Changes in mix at Family Dollar
Reposted from Charlotte Business Journal
If you're in a rush to pick up milk and bread, Family Dollar wants your business.
The same is true if you're shopping for cookies, pasta or dozens of other common grocery items — as well as cosmetics and health-care items such as contact-lens solution.
The discount retailer is preparing to undergo a subtle but significant shift of the merchandising space in its stores. It will devote half of the square footage to sales of consumable goods — food and health-and-beauty items.
That will be up from the 30% to 35% of the space the company’s stores currently allocate for such products.
Mike Bloom, Family Dollar president and chief operating officer, says the remaining retail space will be dedicated to apparel, home goods and general merchandise, including seasonal, pet-related and automotive products.
"Those businesses are really important to us, but they’re not businesses that are top of mind right now for our consumers," he says. "We're adjusting to meet their needs."
Most of the retailer's stores measure about 7,000 square feet.
Matthews-based Family Dollar Stores Inc. will make the changes during the next few months, completing them by early summer.
Family Dollar declines to disclose what it’s spending on the upgrades. But it notes some of the changes will be completed as part of 1,000 store renovations planned for the current fiscal year, which began Aug. 28.
The retailer has said those renovations will cost between $100,000 and $130,000 per store.
During fiscal 2011, Family Dollar's sales of consumable goods jumped 11.1% from the previous year to nearly $5.7 billion. And sales of consumable items rose 11.4% to $1.5 billion during Family Dollar's fiscal first quarter, which ended Nov. 26. That marked the fifth consecutive quarter of double-digit sales growth in that category.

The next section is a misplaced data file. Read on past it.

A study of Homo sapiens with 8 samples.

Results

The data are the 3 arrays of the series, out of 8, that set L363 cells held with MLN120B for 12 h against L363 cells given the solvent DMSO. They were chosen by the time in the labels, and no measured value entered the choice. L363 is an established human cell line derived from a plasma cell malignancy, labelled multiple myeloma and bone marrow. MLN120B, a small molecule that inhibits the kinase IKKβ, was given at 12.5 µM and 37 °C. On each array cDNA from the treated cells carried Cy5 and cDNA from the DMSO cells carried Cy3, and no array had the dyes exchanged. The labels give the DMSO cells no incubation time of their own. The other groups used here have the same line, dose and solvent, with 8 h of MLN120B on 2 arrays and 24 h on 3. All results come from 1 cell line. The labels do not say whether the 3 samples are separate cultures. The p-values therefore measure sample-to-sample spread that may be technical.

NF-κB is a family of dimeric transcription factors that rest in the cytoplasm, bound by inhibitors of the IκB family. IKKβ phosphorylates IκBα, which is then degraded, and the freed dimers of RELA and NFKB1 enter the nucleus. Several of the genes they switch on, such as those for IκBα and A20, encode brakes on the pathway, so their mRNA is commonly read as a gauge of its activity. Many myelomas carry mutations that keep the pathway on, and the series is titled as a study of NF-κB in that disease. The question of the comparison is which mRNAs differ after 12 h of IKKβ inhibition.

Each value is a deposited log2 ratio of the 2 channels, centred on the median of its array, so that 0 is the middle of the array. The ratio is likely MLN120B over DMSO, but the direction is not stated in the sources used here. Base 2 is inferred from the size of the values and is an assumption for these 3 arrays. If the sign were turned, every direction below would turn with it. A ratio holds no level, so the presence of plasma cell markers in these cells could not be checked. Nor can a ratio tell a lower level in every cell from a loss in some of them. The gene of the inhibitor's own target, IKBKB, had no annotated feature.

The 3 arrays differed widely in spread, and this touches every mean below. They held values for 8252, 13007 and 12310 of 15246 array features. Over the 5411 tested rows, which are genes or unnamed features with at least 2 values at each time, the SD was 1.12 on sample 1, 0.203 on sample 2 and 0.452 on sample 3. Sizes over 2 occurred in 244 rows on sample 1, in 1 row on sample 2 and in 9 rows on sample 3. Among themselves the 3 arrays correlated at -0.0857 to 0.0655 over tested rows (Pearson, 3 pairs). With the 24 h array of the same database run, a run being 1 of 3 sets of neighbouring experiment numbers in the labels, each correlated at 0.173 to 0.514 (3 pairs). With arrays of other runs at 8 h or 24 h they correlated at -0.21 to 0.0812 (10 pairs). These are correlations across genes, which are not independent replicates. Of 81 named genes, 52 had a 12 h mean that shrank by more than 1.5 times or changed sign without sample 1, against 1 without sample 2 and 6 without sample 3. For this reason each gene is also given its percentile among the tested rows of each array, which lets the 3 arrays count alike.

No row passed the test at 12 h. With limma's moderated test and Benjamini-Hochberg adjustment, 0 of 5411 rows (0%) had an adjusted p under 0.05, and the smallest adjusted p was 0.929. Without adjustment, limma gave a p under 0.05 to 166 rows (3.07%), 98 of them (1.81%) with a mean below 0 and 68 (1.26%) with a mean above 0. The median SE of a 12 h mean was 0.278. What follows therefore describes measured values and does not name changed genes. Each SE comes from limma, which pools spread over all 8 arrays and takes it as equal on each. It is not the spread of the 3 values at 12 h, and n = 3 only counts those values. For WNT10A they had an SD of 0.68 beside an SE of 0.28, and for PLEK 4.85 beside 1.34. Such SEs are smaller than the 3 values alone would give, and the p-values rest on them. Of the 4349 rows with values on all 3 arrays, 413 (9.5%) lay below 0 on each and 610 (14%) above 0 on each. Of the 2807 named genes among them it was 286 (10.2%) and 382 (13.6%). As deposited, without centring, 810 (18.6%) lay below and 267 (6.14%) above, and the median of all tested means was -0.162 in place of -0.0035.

Overall sales for the first quarter totaled nearly $2.15 billion, up nearly 7.6% from a year earlier.
Bloom says the sharpened focus on consumable goods should help drive traffic to its stores, which have seen a big boost in sales and income since the economic downturn hit in 2008.
Besides offering discounted prices, Family Dollar can fill in the gaps for shoppers between major shopping trips, he says.
"Our customer continues to be challenged economically," Bloom notes.
Family Dollar's expansion in the consumable-products arena makes sense because consumers are already choosing the retailer for its low-cost items and convenient locations, says Mike Lord, a business-management professor at Wake Forest University in Winston-Salem.
"It's a reasonable bet to make to try to take better advantage of their growing footprint," he says. "Why not try to capture a few extra dollars?"
Family Dollar has more than 7,100 locations in 45 states. But it plans to add 500 stores this fiscal year. The retailer also is broadening its territory, opening its first stores in California in November.
Lord notes the retail market remains highly competitive as the economy continues to limp toward recovery. "Getting the mix (of goods) right is critical," he says.
Family Dollar began expanding its food offerings in 2005 by installing the first coolers in its stores. That allowed for sales of perishable items such as milk and eggs.
The chain has continued to add refrigeration and freezer capacity, enabling its stores to sell ice cream and other frozen foods. With the pending makeovers, Family Dollar's stores will have 10 to 20 cooler units, up from five initially, Bloom says.
And the company will devote additional shelves to health-and-beauty aids, making more efficient use of space, he says.
The health-and-beauty and food areas will move to the sides of the stores to accommodate future growth.
Family Dollar’s product mix will continue to evolve, based on customer demand, Bloom adds. "It's all about being relevant for our consumer."